Let us introduce you to Stan Brierley, a member of North Shore YMCA. Stan is the current holder of the New Zealand Million Meter Club record of an amazing 42 million metres! Stan completed this record on 31st May 2010.
This is a particular milestone for Stan as he has finally completed an epic journey of rowing round the world on a Concept2 rowing machine. This was a personal challenge Stan set for himself, which started back on 10th April 2000.
For the record, converting the hours Stan rowed to days, means that if rowing for 24 hours continuously the number of days would amount to 233 which is quite a feat!
Another interesting factor is the amount of calories used, based on an average of 50 calories per kilometre, the total is two million, one hundred thousand calories!
When we asked Stan what kept him motivated during his epic ‘adventure’ he said: ”My main aim is to keep my body operational and maintain a decent level of fitness and by undertaking this row around the world, it ensures that I will be active for at another least eleven or twelve years.”
He went on: “There are many things in life that cause you to vary a goal and one of these came after I was recovering from a heart by-pass operation with post operational problems. As I was a formerly fit person, into running great distances, triathlons, harbour swims and Ironman events, it meant that I had to think about what I could do to recuperate. So I decided to join a gym and work my way back to physical health.
“I commenced with rehabilitation classes and stuck at them for some time but felt I was not making any progress, still feeling unwell with frequent hospital visits. So I decided to try the gym circuit training and during one of these sessions I was introduced to the Concept 2 rowing machine.”
Stan started out by doing 600m and found it hard going but got back on a few times and became hooked! “I slowly increased my distances and eventually reached 4 kilometres and at that time I was encouraged by the gym to have a go at 5,000m non-stop.” Stan was soon able to get through both 5km and 10km without stopping.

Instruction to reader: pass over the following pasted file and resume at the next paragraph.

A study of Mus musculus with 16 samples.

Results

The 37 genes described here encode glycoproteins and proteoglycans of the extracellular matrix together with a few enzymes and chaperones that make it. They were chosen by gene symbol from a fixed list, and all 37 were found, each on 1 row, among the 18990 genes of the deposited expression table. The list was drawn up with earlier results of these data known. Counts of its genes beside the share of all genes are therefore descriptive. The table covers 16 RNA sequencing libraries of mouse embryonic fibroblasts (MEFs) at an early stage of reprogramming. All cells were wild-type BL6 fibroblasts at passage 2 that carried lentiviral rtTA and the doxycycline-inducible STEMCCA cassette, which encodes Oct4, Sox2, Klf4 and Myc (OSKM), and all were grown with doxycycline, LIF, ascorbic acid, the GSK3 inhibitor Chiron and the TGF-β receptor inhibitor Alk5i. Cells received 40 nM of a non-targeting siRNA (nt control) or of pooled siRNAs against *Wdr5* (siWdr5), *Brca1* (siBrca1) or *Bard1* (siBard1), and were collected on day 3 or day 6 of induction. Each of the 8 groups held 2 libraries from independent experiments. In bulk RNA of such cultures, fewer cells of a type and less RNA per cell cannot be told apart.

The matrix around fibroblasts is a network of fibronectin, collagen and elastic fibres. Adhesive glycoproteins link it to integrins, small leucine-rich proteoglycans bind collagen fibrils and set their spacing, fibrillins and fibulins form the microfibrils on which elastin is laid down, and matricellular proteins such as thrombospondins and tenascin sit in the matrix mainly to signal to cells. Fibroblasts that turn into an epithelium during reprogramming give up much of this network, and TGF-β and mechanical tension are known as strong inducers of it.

When Stan started indoor rowing, he had a shoulder problem that doctors had worked on for some time and despite X-rays, cortisone injections and exercises it didn’t get better and the pain was waking him up at night. Stan continues “however, as soon as I started rowing, instead of aggravating it, the problem soon disappeared. So I decided that rowing was going to replace my running, swimming and other sports and was soon clocking up 10km almost daily.
Over time I worked my way up to doing a half marathon, then a full marathon and then decided since I had run around the world, I would do the same on the rowing machine.”
When Stan ran around the world he worked from the distance via the equator which is 38,898km. Averaging 10km a day it took him 11years and nine months to complete that journey.
Since Stan decided that health was a lifestyle, he decided to undertake the mission of rowing around the world which meant calculating a sea route from New Zealand to Australia, across the Indian Ocean, to the Red Sea, across the Mediterranean, Atlantic, through the Panama canal and finally back home.
He worked this out to be 42,000 kilometres and Stan set off on his daunting journey on the 10th April 2000 which would take just over a decade to complete.
Stan was clocking up the miles and soon did marathons, ultra marathons and a 100 kilometre row which he completed in 10 hours 37mins which was only 2 minutes slower than a 100km run which confirmed to him that running and rowing were similar when it came to effort and time. He then completed the distance again and shaved 42 minutes off his time setting a world record for his age group!
Stan entered all of his work outs into his rowing log and was amazed to see how his progress was accumulating, his weight had stabilised and it was great to see the calories used. Stan comments “these were excellent motivational tools! But by this time I had decided to slow my rowing down to a steady 7 minutes per kilometre and in my mind this was equivalent to the jogging distances that I used to do when I was out on the road. I was aware of the fact that the distance from St Heliers Bay to Rangitoto was 4.5k and made it a daily target to row to Rangitoto and back across the Auckland Harbour.”
Stan arrived at Melbourne in June 2001 after crossing the Tasman and then took a year to arrive in Perth. Crossing the Indian Ocean diagonally came next – a rather daunting distance of 8,029 km’s! “By the 26th October 2005 I was going through the Straits of Gibraltar and then into the Atlantic. I had clocked up 23,043 k’s and was over halfway through my journey.
The Atlantic seemed formidable as I believe the sea can be quite treacherous and in theory there is a lot of shipping crossing so mentally there was this to contend with. It’s an attitude thing with rowing, the same as a lone runner, you act within yourself and you frequently play mental games while on each journey. Each session is an achievement in itself and of course, entering details in the log becomes thrilling as progress is made!
There are now many rowers at the North Shore YMCA who have completed 1 million metres and many who have completed much more! Each of these rowers has improved their wellbeing and health! Their companionship and encouragement in this field is incredible!”
Stan wonders if it had not been for the rowing machine where would they be now!!!